Per IBM, Cloud Paks are “lightweight, enterprise-grade, modular cloud solutions, integrating a container platform, containerized IBM middleware and open source components, and common software services for development and management.”
The main purpose of IBM Cloud Paks is for software to be more easily deployed into the Cloud. An IBM Cloud Pak consists of the following:
- Existing IBM Software Product Bundles
- Additional Red Hat Product Licenses (RHEL & OpenShift)
- Product Ratios with Swap Options
- Consolidated Purchasing Part Number
- Virtual Processor Core (VPC) or Managed Virtual Server (MVS) Metrics
- Containerized Software Deployment Packages
The Most Common IBM Cloud Pak Bundles | 02:56 – 04:43
In this section, we give a little detail about the most common Cloud Paks.
Cloud Pak for Applications
Includes: WebSphere Application Server ND, WebSphere Application Server, WebSphere Application Server Liberty Core, Mobile Foundation
Cloud Pak for Integration
Includes: MQ & MQ Advanced, App Connect Enterprise, API Connect, DataPower Virtual, Aspera, Event Streams (Kafka)
Cloud Pak for Automation
Includes: Operational Decision Maker, Business Automation Workflow, FileNet Content Manager, Datacap, Datacap Insight Edition Add-On, Content Collector, Enterprise Records
Cloud Pak for Multicloud Management
Includes: Cloud Pak for Multicloud Management Core, Event Management, Infrastructure Management, Base Monitoring, Advanced Monitoring
Cloud Pak for Security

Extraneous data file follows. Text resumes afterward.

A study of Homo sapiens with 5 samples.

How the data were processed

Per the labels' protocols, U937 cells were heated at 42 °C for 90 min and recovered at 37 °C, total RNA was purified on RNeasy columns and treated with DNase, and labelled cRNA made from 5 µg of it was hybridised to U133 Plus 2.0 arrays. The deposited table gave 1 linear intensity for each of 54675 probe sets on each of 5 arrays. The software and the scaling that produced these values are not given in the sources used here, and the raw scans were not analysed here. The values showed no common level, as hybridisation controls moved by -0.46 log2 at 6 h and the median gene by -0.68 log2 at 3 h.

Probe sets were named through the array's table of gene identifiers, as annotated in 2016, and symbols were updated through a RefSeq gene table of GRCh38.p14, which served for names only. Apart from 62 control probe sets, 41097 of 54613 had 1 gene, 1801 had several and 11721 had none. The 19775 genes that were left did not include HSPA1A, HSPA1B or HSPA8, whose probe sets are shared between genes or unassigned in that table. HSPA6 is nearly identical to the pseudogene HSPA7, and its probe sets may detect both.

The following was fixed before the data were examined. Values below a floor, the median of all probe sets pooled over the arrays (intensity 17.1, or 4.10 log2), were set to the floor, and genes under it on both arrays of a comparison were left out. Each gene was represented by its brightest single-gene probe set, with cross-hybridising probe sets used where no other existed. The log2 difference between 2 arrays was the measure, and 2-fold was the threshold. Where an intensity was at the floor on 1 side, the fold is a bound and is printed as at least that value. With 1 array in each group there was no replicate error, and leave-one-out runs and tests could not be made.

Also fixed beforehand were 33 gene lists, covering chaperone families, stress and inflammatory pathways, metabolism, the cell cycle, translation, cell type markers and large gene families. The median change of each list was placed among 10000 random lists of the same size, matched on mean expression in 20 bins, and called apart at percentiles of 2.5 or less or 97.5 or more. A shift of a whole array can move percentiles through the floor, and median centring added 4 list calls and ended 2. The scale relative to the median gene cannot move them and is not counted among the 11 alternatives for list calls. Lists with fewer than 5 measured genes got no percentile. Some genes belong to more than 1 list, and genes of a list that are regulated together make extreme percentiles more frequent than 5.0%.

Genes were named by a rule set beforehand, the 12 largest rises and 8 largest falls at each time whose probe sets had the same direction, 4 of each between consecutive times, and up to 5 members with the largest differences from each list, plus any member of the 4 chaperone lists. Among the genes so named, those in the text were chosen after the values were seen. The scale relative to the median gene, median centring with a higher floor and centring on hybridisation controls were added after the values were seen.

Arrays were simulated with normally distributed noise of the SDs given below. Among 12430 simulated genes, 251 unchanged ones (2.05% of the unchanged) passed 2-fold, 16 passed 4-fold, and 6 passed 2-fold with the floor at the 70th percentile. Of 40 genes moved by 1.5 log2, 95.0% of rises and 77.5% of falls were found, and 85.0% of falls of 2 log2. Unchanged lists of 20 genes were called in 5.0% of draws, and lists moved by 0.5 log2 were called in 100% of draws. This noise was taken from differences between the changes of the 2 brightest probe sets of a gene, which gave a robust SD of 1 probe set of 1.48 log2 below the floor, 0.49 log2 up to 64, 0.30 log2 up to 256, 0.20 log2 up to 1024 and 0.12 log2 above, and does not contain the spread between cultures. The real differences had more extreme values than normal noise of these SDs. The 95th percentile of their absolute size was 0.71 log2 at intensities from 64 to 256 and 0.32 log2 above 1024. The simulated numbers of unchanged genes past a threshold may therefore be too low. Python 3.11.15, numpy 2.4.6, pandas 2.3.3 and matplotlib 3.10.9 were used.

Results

Includes: RSO, A&R Platform; RSO, A&R Platform Privacy; RSO, A&R Platform MSSP; RSO, A&R Platform Team Management; QRadar Software; QRadar Event Capacity; QRadar Data Store; and more
Perpetual vs Subscription-based?
Typical breakeven is targeted at 3 years, meaning for projects lasting longer than that you may want to consider perpetual. It may make more sense to go subscription-based for shorter-term projects.
On-prem vs. Cloud?
The licenses can be utilized both on-premise and cloud infrastructure. Cloud Paks are versatile and flexible when transitioning from on-premise to the cloud.
IBM has stated that they are moving toward Cloud Paks, though traditional licensing is still available. However, IBM has announced that it will be removing many of the discounts on traditional licensing and focusing on the hybrid cloud.
Some additional Red Hat licenses are only available if you keep the license on S&S.
As mentioned, IBM will be removing most of the incentives to continue with traditional licensing. Most of the software product releases going forward will be deployed in a way to be easily adopted and configured to be added directly into cloud environments.
There will be an additional effort required to monitor and properly assign deployments to appropriate Cloud Pak licenses.
There are fixed ratios inherent to Cloud Paks. Because of this, you can lose some granularity, and if you don’t use the full amount of the ratio you may still have to pay for the full amount.
It is easy to switch between products or metrics within the bundle. This also applies to switching from non-production to production or vice-versa in certain Cloud Paks.
Monitoring IBM Cloud Paks | 10:21 – 21:10
Two different tools exist to monitor Cloud Paks, depending on your deployment strategy. ILMT is available for non-containerized environments, License Services is available for containerized environments. Additionally, there is an aggregation tool that consolidates the outputs from ILMT and License Services included in the IBM Cloud Pak for Multicloud Manager.
For step-by-step Cloud Pak licensing instructions in ILMT and License Services watch the webinar from 11:27-13:15.
To better understand IBM Cloud Pak ratios and the associated licensing considerations, watch from 11:15-21:10.